Milk Means More Is More Than A Slogan When It Comes To Michigan’s Children
Editor’s Note: This article was originally written and published by our partners at MLive.com
The back-to-school season always evokes nostalgia for adults, who think about getting on the bus for the first time each fall, reconnecting with friends and going through the lunch line and grabbing the iconic cardboard milk carton.
Getting the proper nutrients has come a long way since then – though the classic container is still available and every bit a part of a healthy diet – as students today have a wide variety of dairy options as part of school lunches. School menus now include chocolate milk, yogurt-based smoothies and parfaits, various types of cheese and more.
Brianna Henton, a registered dietician and youth wellness manager for the United Dairy Industry of Michigan, explained that dairy has the unique ability to assist students’ bodies and brains grow with a potent mix of 13 essential nutrients. That’s why UDIM, a trade group that supports farmers and is a long-time advocate of child nutrition and wellness initiatives, forms close partnerships with the nearly 900 districts in Michigan.
“Students need to be fueled, attentive and focused to learn and that’s hard to do without having energy or having an empty stomach,” Henton said. “Dairy is a perfect component to meet all those needs. It’s the baseline and foundation of what a healthy diet should look like.”
Henton and others at UDIM work with schools to provide meal items that are nutritious and appealing to students. That’s what led to the introduction of new dairy-based products in the last decade.
“We know schools can offer all the healthy food you want, but the students have to want to eat it. We all like the power of choice and want to make the decisions on what we consume,” she said. “What we’ve learned by working with schools is that some students want to get theirs in a different way than just milk.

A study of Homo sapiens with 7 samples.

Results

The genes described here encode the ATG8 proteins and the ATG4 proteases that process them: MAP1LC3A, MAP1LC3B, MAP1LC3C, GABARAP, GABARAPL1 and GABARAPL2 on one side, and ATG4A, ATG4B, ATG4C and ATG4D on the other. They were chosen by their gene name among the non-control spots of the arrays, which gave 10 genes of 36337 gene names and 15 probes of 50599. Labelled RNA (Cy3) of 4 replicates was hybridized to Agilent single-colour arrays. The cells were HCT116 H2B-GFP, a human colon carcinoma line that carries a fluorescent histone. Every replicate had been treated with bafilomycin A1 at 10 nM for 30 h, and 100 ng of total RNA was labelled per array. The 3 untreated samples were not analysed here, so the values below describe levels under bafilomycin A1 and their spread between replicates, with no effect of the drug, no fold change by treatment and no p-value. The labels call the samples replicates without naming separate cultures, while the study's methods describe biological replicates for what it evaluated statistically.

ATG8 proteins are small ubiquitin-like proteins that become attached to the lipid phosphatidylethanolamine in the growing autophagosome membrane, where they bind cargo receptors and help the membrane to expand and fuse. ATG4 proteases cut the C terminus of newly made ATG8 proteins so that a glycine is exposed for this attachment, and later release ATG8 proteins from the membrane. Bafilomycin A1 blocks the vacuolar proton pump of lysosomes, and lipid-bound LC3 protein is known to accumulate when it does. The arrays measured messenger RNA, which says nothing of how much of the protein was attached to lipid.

“We’re trying to make dairy more appealing and out of that comes ideas like smoothies, which have gained a lot of popularity in the last few years. The more choices we can give students, the more they can benefit from that boost of nutrition. We want to make it enjoyable for the students.”
The milk and dairy items, many of which come from more than nearly 1000 dairy farms in Michigan, in schools are specifically formulated and balanced for developing bodies and minds and have less sugar than what can be bought in grocery stores.
Research from the American Dairy Association shows dairy helps students grow by providing:
- Calcium, which builds and maintains strong bones.
- Protein essential for building and repairing tissue and a strong immune system.
- Vitamin D for healthy bones, teeth and the immune system.
- Phosphorous that supports tissue growth.
- Vitamin A to promote growth and support healthy skin and eyes.
- Riboflavin that supports the body’s use of carbohydrates, fats and protein for fuel.
- Vitamin B12, which helps the blood function and a healthy nervous system.
- Pantothenic Acid that assists the efficiency of carbs, fats and protein.
- Niacin for using energy in metabolism.
- Zinc that helps growth and development.
- Selenium that helps protect healthy cells from damage and regulate metabolism.
- Iodine for proper brain and bone development.
- Potassium that supports heart health and regulates body fluid balance.
UDIM and school food service directors work in tandem to tailor menus and food offerings to individual districts and buildings. The partnership evaluates the needs of the school, the way they deliver meals and equipment that the leaders may need for student use.
“It’s really collaborative because it’s all about creating a culture of health and wellness for students,” Henton said.